Why Is Twitter So Popular in Brazil?

  • Share
  • Read Later
Photographer's Choice / Getty Images

A recent visit to Twitter's worldwide trending list would have shown a woman named Senhora Aparecida listed below the name David Arquette and the word midterm. That the patron saint of Brazil on the eve of her national feast day ranked near the latest American celebrity breakup (Arquette and Courteney Cox) and the prevailing U.S. political buzzword should come as no surprise to Twitter users, given the regular appearance of Portuguese phrases on Twitter's popularity charts. A new study published this month by comScore, a digital marketing firm, found that 23% of Internet users in Brazil — compared with 11.9% in the U.S. — visited Twitter this past August, the highest rate of participation by any country in the world. "Brazilians have just been voracious," says Katie Stanton, Twitter's vice president of international sales and marketing.

Americans are still the best-represented nationality among the 160 million people who use Twitter, an information-sharing website created in 2006 by a pair of San Francisco software engineers. But Twitter's international traffic now accounts for 65% of the website's overall content, with growing followings in Europe and Asia. In Brazil, the site has carved a truly special niche. In a country known for its vast gulf between the rich and poor, Twitter has managed to cut across the class divide. "It's not something that's just for rich Brazilians," says Gabe Simas, who promotes teen bands for MTV Brasil through Twitter. "The main reason Twitter is so huge in Brazil is because it gives access to normal people to contact their idols." Indeed, the country's soccer stars were among the earliest proponents of Twitter. To take one example, Ricardo Izecson dos Santos Leite, also known as Kaká, has 2 million Twitter followers, or roughly a million more than NBA star LeBron James.

Twitter's success in Brazil, says James Green, a professor of Brazilian and Portuguese studies at Brown University, is tied intimately to the history of the country's rise from the shadow of authoritarianism to its newfound status as a budding global power. After a 21-year military dictatorship ended in 1985, a narrow set of media conglomerates helped bind together the country's emerging civil society. Despite its geographic immensity — spanning the far reaches of the Amazon to its metropolises on the Atlantic — the country is accustomed to a lack of diversity in its media. So when Twitter arrived on the scene, Brazilians were ready to embrace this latest media phenomenon. "There's a keen awareness of the importance and the power of the country, and the fact that Brazil is away from the rest of the world motivates Brazilians," says Green. "There's a tremendous thirst to find out what the latest trend is."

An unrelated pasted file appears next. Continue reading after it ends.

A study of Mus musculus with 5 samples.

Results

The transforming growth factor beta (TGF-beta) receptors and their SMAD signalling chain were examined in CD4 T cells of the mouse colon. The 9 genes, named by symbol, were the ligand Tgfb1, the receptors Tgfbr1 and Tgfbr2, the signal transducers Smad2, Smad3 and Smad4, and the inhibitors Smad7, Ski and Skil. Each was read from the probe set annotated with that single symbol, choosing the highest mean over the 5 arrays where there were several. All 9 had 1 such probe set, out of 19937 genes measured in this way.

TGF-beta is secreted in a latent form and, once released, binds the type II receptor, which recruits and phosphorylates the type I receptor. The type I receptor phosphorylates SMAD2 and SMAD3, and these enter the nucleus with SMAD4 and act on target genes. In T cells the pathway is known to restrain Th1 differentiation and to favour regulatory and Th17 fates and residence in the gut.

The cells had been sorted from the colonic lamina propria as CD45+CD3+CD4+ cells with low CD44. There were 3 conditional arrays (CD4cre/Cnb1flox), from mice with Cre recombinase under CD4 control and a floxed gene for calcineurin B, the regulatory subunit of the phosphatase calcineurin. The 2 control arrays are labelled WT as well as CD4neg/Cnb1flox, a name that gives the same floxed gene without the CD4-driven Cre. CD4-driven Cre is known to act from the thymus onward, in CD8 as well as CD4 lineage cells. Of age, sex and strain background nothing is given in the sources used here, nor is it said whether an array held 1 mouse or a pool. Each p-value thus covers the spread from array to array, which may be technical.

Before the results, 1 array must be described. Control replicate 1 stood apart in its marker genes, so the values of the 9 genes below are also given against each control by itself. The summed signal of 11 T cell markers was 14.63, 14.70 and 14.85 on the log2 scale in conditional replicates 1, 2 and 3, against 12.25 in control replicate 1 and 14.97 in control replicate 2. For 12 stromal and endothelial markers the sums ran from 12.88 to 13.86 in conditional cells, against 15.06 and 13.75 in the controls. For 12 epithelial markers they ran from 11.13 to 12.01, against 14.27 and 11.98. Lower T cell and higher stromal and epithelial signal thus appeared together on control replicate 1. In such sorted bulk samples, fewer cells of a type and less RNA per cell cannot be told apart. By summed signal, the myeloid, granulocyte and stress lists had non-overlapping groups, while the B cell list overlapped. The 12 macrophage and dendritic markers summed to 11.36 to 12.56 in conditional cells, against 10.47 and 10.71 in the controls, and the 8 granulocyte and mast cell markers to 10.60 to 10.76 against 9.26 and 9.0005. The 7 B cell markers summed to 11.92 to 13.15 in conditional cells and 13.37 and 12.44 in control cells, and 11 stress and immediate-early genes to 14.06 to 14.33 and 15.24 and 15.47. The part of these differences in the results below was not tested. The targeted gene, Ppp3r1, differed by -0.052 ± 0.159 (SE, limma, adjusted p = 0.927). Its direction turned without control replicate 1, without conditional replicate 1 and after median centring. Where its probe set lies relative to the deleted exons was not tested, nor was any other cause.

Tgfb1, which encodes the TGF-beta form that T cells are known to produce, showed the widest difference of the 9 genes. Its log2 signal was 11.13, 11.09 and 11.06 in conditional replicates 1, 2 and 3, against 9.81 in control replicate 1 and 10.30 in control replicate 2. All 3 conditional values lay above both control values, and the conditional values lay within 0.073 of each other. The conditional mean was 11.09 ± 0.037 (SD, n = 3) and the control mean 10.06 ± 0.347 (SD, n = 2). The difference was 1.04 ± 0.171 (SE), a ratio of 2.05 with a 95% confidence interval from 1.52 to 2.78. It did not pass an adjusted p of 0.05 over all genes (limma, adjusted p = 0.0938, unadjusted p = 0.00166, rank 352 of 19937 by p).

Much of Brazil's transformation can be seen through the spread of telecommunications and the growth of social media. With telephone landlines once the preserve of wealthy elites, millions have turned over the years to mobile phones as their primary connection. That shift worked well with Twitter, which entered the Brazilian market first as an SMS service. To confront the gap between rich and poor, both the government and private NGOs sought to introduce computer technology to the poorest classes as early as the beginning of the 1990s. "Brazil was a pioneer in creating democratic access to computers and Internet for the poor, well ahead of the United States," says Green. And while many favelas are still excluded from the electric grid, the country's "Popular PC Project" of installing cheap computers in poorer areas has become a model the world over.

The civic participation of a once nonexistent middle class has also fueled Twitter's rise in Brazil. The upcoming second round of Brazil's presidential election, to be held on Oct. 31, was the top Twitter trend of the first week of the month, according to a survey published by the social-media website Mashable.com. "There's a big bias in mass media against Lula," says Green, referring to Brazil's outgoing President, Luiz InĂ¡cio Lula da Silva, the champion of Brazil's poor who himself only has a fourth-grade education. "The Internet's a way to fight back." Lula's handpicked successor, Dilma Rousseff, a former leftist guerrilla, is favored to win the second round over the right-of-center candidate José Serra.

Brazilians have taken to social-media websites other than Twitter. Google's social-media venture, Orkut, has found little success in the U.S., but in Brazil, the website was the beneficiary of 36 million unique visits in August, according to comScore. Facebook, too, is taking off in Brazil. In just one year's time, Facebook saw a growth of 479% in membership, leaping from 1 million to 9.5 million Brazilian members. It's a phenomenon that's planting deep roots. "My sister is 10 years old. My grandmother is 82," says Simas of MTV Brasil. "And they both have Twitter."